Ten lesser-known insomnia remedies

Limiting caffeine to cure insomnia? That’s almost as groundbreaking as florals for spring. But just in case the standard spiel on sleep aids makes you yawn (out of boredom), you may want to review these lesser-known tips:

  1.  Go outside in the morning.

    • If your nocturnal tendencies have been making you feel vampiresque (minus the cool perks like immortality), go do something Dracula can’st. Catch rays during the day. Morning sunlight exposure helps your body produce melatonin, a sleep-inducing hormone, at an ideal evening hour.
  2. Drink tart cherry juice.

  3. Get more magnesium.

  1. Try CBD.

    • Cannabidiol (CBD) is THC’s chiller, non-psychoactive cousin on the cannabis family tree. It won’t get you high, but it might knock you out. Although scientists still haven’t discovered exactly how CBD works, some research shows that it can soothe anxiety and induce slumber by binding to certain receptors in the endocannabinoid system. If it’s legal in your state, you can purchase CBD in a variety of forms like tinctures, capsules and creams.
  1. Crack your bedroom windows at night.

    • So, you’ve cultivated a seemingly perfect bedroom atmosphere for sleep – comfy pillows, dark curtains, a white noise maker – but you still wake up feeling tired. Something that doesn’t meet the eye could be amiss. If your bedroom is poorly ventilated, the CO2 that your body generates while you sleep will accumulate around you, and studies suggest that this can degrade the quality of rest you get. To combat this, try cracking a window or leave your bedroom door open. Check out our article on the subject to learn more.
  1.  Avoid blue lights.

    • This piece of advice is becoming more and more common, but it begs repeating. The artificial blue light that emanates from laptops, phones, TVs and other electronics can really corrupt your body’s internal clock. Not only does evening exposure to blue light make it harder to fall asleep by delaying melatonin production, it can worsen your quality of slumber by reducing REM sleep. If you want to fall asleep earlier, try to chill without Netflix at night.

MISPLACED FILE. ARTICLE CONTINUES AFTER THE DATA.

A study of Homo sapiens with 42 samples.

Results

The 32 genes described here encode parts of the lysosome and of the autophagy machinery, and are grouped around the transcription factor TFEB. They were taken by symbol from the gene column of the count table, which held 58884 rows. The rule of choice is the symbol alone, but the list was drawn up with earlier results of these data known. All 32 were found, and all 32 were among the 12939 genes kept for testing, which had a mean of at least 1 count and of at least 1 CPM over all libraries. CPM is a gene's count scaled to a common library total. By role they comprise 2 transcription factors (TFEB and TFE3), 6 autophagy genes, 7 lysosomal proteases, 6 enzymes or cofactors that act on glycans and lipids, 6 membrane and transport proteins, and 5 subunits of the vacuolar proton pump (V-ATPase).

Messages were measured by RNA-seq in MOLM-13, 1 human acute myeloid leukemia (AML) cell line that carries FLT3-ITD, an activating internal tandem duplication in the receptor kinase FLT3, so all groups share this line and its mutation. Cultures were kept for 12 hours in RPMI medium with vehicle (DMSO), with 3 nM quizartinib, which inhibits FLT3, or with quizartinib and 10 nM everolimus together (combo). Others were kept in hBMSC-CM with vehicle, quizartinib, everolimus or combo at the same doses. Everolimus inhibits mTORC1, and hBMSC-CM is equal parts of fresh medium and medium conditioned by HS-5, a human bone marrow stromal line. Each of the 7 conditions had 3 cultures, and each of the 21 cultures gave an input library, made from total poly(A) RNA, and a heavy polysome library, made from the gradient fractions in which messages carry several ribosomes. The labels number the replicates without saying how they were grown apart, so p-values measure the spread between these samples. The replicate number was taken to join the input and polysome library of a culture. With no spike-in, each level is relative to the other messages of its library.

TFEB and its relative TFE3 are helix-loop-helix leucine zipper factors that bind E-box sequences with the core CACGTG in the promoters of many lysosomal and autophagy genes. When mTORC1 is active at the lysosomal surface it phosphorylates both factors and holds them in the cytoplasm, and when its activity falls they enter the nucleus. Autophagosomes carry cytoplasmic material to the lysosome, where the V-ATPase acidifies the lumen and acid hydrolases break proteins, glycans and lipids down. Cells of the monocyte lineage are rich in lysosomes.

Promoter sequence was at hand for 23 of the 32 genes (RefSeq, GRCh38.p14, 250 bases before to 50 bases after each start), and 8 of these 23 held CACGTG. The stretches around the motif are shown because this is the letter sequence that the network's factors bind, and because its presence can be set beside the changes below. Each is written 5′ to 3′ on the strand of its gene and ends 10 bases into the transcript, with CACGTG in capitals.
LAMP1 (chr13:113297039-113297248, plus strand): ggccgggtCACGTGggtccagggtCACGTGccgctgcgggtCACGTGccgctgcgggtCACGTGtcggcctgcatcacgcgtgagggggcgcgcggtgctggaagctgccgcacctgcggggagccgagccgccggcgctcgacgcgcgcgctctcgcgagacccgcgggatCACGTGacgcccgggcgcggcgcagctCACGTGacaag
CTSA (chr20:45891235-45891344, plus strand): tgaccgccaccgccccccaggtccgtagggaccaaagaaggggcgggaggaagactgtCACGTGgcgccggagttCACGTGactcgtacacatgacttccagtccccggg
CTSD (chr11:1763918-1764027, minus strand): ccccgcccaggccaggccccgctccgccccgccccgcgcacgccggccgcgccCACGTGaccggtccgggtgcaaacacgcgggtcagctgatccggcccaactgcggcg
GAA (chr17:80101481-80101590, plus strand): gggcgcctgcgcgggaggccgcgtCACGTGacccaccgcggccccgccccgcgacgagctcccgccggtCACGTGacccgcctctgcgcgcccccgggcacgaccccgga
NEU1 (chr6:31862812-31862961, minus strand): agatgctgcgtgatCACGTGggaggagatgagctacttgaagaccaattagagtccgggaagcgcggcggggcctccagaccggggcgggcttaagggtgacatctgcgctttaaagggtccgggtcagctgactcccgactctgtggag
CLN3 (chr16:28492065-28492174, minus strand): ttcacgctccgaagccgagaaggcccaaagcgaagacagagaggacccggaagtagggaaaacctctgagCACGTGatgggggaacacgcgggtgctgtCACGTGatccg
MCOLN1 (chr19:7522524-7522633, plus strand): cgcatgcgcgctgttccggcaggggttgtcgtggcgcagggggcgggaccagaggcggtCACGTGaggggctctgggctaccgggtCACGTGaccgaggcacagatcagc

1. Get acupuncture.

    • As a primary modality of traditional Chinese medicine, acupuncture involves the insertion of needles into specific points across the body to treat a huge range of conditions, including insomnia. There isn’t a ton of research yet regarding acupuncture’s impact on sleep, but this study suggests it can improve slumber, and this one shows a correlation between regular acupuncture treatments and an uptick in subjects’ melatonin production.
  1. Soldier through it.

    • Imagine if you could will yourself to fall asleep in two minutes. Are humans capable of such a super power? During World War II, the U.S. military developed a relaxation technique to help soldiers fall asleep – not just at night – but anytime during the day. It involves using conscious awareness to progressively release tension from your entire body, top to bottom, with the kind of methodical intention that a combat aviator would use to land a plane. The key here is to tackle one muscle group at a time. Instead of telling your entire face to go limp at once, the technique instructs you to relax the eight muscles around your eyes, and so forth. Supposedly, trained practitioners can complete this exercise in a total of two minutes.
  1. Play it cool.

    • You could also do the opposite of #9. If sleep tends to hit you up at around 3 a.m. every night, you might want to change your relationship with it. Sometimes the harder you pine for sleep to arrive at a decent hour, the longer it keeps you waiting. Of course, set yourself up for success by avoiding things like caffeine, alcohol and blue lights. But when the sun goes down, try some reverse psychology. Or, in scientific terms, approach your efforts to fall asleep with “paradoxical intention.” Clinical studies show it works.